Gorgeous lensing, a tongue-in-cheek script and playful thesping grace Gabriele Salvatores' English-monikered "Happy Family."
Gorgeous lensing, a tongue-in-cheek script and playful thesping grace Gabriele Salvatores’ English-monikered “Happy Family.” So why does it feel like the work of an extremely precocious freshman helmer instead of a seasoned veteran? This deliberately theatrical comedy about two disparate families springing from the imagination of a neurotic writer self-consciously pays tribute to a slew of influences, but the energetic pace aimlessly barrels forward, and despite some good scenes, the pic rarely displays genuine depth of thought. Opening weekend brought in a solid $1.5 million, signifying happier Italo auds than their prospective offshore equivalents.
Salvatores tips his hat to the film’s theatrical origins (co-scripter Alessandro Genovesi helped adapt his own play) with opening and closing shots of a stage curtain, prepping auds for the trans-proscenium interplay to come. Ezio (Fabio De Luigi) is the story’s conjurer, a writer who announces to the camera that he’s writing a story illustrating his notion that people are almost incurably afraid of life.
The ensuing characters all have their own voices, each speaking to the viewer to introduce him- or herself. Vincenzo (Fabrizio Bentivoglio) is a wealthy banker just diagnosed with a brain tumor, which he’s hiding from his family. He has a daughter, Caterina (Valeria Bilello), from his late first wife, while his second wife, Anna (Margherita Buy), has a closeted gay son, Filippo (Gianmaria Biancuzzi), from her late first husband.
Though just 16, Filippo announces he’s marrying fellow student Marta (Alice Croci). Her parents, known simply as Mom (Carla Signoris) and Dad (Diego Abatantuono), are the flip side of Vincenzo and family: Where the latter are firmly bourgeois, the former are more earthy, though no less neurotic — the women, anyway. The men may be coasting, but at least they enjoy what they have.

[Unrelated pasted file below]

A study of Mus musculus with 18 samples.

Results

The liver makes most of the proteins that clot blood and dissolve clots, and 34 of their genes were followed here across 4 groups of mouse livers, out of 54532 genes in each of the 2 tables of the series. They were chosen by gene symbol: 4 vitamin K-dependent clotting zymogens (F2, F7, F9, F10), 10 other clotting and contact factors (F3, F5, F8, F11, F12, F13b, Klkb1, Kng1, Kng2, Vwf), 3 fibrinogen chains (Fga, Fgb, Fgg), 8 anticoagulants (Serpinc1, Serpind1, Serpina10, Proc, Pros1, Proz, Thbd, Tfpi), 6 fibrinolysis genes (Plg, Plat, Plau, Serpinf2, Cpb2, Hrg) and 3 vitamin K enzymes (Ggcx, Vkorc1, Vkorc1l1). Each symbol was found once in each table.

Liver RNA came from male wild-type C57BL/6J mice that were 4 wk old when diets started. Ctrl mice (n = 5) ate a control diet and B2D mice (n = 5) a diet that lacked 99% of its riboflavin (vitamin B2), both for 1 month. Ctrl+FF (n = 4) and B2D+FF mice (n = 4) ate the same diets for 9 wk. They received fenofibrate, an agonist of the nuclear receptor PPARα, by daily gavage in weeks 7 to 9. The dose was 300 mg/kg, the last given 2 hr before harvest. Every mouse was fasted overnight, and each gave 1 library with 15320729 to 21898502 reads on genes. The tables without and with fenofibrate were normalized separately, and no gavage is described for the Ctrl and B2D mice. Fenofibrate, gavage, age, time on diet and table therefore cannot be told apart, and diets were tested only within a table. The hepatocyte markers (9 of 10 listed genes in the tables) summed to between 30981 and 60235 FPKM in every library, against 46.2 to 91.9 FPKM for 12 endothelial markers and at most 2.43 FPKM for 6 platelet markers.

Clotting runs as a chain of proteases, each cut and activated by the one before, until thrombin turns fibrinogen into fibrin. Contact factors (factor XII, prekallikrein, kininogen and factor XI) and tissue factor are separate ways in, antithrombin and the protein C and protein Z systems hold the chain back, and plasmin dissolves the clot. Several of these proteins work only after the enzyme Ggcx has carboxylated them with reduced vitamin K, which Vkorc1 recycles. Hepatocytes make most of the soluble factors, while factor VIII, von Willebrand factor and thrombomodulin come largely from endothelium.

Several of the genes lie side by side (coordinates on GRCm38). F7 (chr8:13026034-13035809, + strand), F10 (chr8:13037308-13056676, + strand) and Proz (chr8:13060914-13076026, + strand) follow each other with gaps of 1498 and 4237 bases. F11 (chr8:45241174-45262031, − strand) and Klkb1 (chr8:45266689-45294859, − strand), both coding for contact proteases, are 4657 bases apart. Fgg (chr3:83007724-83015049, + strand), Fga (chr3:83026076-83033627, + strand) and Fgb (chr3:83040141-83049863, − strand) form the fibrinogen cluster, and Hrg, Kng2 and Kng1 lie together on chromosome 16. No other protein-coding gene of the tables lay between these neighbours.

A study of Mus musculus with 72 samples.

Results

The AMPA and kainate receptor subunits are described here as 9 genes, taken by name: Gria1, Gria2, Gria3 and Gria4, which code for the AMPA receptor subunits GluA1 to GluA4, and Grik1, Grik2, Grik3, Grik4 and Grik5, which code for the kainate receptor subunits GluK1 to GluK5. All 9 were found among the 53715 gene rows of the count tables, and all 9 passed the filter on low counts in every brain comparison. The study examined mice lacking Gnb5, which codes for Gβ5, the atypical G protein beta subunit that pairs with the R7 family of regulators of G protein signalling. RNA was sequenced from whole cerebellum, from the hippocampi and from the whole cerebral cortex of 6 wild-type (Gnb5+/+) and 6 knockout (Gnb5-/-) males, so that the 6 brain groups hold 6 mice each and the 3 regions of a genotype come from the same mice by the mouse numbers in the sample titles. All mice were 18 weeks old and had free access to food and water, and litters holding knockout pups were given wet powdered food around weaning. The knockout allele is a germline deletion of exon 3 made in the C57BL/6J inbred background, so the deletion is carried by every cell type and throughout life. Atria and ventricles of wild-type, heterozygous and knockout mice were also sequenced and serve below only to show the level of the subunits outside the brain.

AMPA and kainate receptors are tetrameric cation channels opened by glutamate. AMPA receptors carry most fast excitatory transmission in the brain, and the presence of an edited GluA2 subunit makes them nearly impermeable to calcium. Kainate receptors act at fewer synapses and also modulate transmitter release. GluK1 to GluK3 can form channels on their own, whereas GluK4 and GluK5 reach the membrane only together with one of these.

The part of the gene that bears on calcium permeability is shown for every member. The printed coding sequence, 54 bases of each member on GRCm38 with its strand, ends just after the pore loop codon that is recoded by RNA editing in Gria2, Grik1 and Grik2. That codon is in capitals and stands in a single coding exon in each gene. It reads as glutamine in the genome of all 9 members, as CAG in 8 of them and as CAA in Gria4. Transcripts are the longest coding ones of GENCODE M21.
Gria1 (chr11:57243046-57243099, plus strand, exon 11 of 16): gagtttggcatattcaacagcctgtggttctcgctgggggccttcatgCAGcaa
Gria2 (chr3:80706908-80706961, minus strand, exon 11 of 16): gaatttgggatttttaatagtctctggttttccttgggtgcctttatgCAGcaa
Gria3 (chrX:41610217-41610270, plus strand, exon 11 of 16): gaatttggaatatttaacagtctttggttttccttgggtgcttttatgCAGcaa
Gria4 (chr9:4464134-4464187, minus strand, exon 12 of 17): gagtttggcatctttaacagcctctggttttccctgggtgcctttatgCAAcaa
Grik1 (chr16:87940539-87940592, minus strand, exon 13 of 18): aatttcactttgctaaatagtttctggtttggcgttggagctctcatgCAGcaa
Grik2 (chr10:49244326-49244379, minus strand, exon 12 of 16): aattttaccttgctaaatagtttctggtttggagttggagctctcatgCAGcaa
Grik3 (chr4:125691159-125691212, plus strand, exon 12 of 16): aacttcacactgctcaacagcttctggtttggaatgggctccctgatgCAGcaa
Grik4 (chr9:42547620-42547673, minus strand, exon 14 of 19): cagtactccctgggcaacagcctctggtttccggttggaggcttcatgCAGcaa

Pic’s winningly breathless style is a model of dense but concise scripting, but the pic moves like a runaway train, bypassing every major signpost until it pulls into a very minor station. It’s not a problem that Salvatores and Genovesi borrow so freely, especially from Luigi Pirandello’s “Six Characters in Search of an Author.” The problem is that they seem to want to make an intelligent comedy, but instead make a parody of one.
The warning signs come early: A gratuitous scene in a Chinese massage parlor milks very tired laughs out of the masseuse (Man Lo Zhang) stereotypically mispronouncing Italian. Ezio admits to the camera that the sequence is superfluous, but the so-called humor is borderline offensive; other gags merely feel long in the tooth. Thankfully, the thesps are a generally appealing bunch, and it’s difficult not to like these characters, with all their quirks, as much as the scripters do.
The film looks marvelous, thanks in no small part to crackerjack d.p. Italo Petriccione; gorgeous colors are artfully matched, especially reds in every shade including crimson, cranberry, scarlet, vermilion and brick. They’re lovely to look at, but Salvatores doesn’t appear to do anything with them; auds will look to decode the tonal symbolism and simply draw a blank. Similarly, the helmer includes a stunning black-and-white montage sequence of Milan at night, an obvious homage to Woody Allen’s “Manhattan” ravishingly accompanied by Chopin’s Nocturne No. 20, but since the pic is hardly a love poem to Milan, the sequence is akin to a memorable perfume ad.
The songs of Simon & Garfunkel form a constant, pleasurable accompaniment, meant in some ways to signal Ezio’s difficulty in moving forward in life. Ever sensitive to the pairing of music and image, Salvatores gets good mileage from his generally homogenous soundtrack.